Six years ago, Governor John Kasich launched his “Employment First” initiative which helped connected Ohioans with developmental disabilities find jobs that had living-wages. Since then 9,600 Ohioans have found jobs.
Today, Kasich takes the next step in making the lives of those Ohioans with developmental disabilities better through the use of new technology that will help them and their caregivers provide them a higher quality of life.
Two examples of this were on display today at in the Lincoln room at the Statehouse where Kasich signed his executive order.
The first was a wheelchair designed and outfitted by Ali Rahimi and his company Medforall, for Patti Ruble.
Ruble contracted Polio at 12 years old and is now confined to a wheelchair, but she hasn’t let it stop her.
She earned a Master’s Degree and is a social worker.
Ali met Patti when he was in college, he wanted to be a video game designer but had to take a course in which he was assigned the task of talking to a social worker who helps the disabled.
He was shocked when he first met her. Ali had emigrated from Iran with his family right after the turn of the century and at first he could not understand how someone in Patti’s state could have earned her Master’s Degree.
His understanding quickly expanded and the two developed a bond.
Ali wanted to help make her life better so he set aside his plans to go into game design and first tried to create a company that would help manage all of the service providers she had due to her condition.
He found though, that no matter how well he paid the people or how well trained they were, the break downs in communication seemed to be too much to overcome.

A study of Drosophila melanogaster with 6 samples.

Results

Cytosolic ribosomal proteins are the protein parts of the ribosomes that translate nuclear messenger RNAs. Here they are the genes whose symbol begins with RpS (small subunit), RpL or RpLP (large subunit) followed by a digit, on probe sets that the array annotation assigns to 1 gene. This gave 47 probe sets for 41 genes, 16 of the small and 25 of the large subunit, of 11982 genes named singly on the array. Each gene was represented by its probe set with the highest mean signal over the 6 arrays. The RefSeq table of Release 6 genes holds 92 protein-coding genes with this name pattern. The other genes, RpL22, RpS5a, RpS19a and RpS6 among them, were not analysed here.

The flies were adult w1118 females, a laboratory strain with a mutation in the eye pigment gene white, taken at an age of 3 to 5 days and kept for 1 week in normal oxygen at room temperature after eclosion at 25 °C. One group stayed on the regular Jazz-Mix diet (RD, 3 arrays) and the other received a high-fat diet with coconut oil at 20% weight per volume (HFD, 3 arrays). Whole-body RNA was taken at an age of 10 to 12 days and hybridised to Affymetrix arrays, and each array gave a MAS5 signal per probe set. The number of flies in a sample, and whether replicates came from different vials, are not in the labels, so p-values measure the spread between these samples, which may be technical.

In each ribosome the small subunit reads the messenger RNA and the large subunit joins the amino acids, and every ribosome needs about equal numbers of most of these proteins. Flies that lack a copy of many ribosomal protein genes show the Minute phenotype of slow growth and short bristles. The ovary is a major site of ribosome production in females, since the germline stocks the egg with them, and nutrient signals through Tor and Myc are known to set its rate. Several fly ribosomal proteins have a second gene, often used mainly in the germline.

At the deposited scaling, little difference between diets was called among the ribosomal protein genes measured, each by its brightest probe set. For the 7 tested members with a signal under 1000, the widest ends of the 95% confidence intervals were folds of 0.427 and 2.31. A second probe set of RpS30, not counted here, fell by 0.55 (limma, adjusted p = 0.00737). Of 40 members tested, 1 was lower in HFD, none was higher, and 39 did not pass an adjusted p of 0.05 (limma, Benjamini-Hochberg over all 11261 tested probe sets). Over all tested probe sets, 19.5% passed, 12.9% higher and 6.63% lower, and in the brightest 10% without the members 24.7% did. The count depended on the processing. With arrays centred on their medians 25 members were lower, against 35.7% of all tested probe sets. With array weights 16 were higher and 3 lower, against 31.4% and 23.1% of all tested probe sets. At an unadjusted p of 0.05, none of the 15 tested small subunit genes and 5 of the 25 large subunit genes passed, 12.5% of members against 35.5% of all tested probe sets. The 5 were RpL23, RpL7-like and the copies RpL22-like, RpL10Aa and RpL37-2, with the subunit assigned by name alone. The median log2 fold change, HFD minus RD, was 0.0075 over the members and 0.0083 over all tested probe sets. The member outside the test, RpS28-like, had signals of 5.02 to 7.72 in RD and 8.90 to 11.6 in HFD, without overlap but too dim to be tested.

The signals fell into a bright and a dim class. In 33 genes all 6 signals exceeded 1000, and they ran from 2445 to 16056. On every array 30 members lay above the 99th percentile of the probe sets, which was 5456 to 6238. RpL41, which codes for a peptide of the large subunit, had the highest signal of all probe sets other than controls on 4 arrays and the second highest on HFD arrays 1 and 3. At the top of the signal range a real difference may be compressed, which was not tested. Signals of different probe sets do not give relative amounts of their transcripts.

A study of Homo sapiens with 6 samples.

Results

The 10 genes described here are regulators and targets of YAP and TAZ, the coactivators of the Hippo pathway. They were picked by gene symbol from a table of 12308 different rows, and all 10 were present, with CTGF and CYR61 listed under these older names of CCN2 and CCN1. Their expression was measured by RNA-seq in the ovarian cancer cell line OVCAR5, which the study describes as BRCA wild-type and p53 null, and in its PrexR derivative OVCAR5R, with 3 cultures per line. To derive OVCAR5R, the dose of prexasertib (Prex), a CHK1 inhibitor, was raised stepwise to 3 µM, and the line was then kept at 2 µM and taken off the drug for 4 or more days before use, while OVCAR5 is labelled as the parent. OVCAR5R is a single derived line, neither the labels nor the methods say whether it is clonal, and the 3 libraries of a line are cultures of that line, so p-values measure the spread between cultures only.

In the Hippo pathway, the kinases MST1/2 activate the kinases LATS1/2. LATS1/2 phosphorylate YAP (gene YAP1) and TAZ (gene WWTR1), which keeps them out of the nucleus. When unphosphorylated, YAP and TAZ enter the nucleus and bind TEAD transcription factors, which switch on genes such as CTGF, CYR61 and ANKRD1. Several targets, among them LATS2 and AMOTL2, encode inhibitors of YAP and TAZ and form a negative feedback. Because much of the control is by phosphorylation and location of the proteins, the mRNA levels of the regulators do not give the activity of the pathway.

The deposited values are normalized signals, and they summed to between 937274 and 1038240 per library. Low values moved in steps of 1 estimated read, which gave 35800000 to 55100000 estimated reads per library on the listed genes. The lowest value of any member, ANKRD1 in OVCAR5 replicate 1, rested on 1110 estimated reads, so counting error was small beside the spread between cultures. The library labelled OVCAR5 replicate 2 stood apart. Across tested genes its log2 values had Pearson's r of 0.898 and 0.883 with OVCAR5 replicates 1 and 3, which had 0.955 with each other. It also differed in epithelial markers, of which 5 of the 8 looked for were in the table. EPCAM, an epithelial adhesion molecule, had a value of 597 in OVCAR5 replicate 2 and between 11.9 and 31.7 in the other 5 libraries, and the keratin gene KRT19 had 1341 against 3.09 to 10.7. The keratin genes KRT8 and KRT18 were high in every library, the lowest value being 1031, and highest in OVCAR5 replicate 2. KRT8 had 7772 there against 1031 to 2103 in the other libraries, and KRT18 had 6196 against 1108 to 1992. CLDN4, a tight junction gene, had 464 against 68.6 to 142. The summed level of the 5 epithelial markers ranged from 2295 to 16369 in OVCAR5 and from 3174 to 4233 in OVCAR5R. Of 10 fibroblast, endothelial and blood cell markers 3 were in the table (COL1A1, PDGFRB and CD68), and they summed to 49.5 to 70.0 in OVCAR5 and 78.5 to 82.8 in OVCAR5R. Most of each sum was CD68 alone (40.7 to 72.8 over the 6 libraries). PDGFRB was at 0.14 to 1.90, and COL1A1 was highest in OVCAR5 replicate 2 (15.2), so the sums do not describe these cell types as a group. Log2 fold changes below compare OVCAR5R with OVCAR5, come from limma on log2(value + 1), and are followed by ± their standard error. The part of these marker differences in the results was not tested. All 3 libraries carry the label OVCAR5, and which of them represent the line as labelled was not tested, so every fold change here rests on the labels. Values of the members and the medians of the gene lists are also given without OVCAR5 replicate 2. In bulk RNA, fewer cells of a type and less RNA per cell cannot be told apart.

And then she told him about how unpredictable life in a wheelchair could be and that one time she fell over and had to wait until someone found her to help her.
That’s when he decided to go back to technology to try and solve her problems.
Ali developed software and sensors that are placed in strategic parts of a wheelchair that can monitor a wide variety of things from what position Patti is in, if she is moving, even what the environment around her is like.
All that data is can be tracked and if she is in need, she not only can press a button to call for help, they will know what her situation is without her having to tell them.
The other technology on display Thursday was Milo, a roughly two foot tall robot that can be used to help kids with autism.
The children can sense they are not interacting with a real person, and yet the motorized facial muscles can help them learn how to do that with real people. It can teach them how to smile for instance.
The robot is fully programmable with voice prompts and movements, it can dance according to Kasich, and its functions can be run from an iPad.
The state of Ohio purchase 10 of the robots for use around the state.
After a playful back and forth with the robot, Kasich signed his executive order.
In addition to making the use of technology a priority, it creates a new council to make recommendations that will help expand the use of supportive technologies for people with developmental disabilities.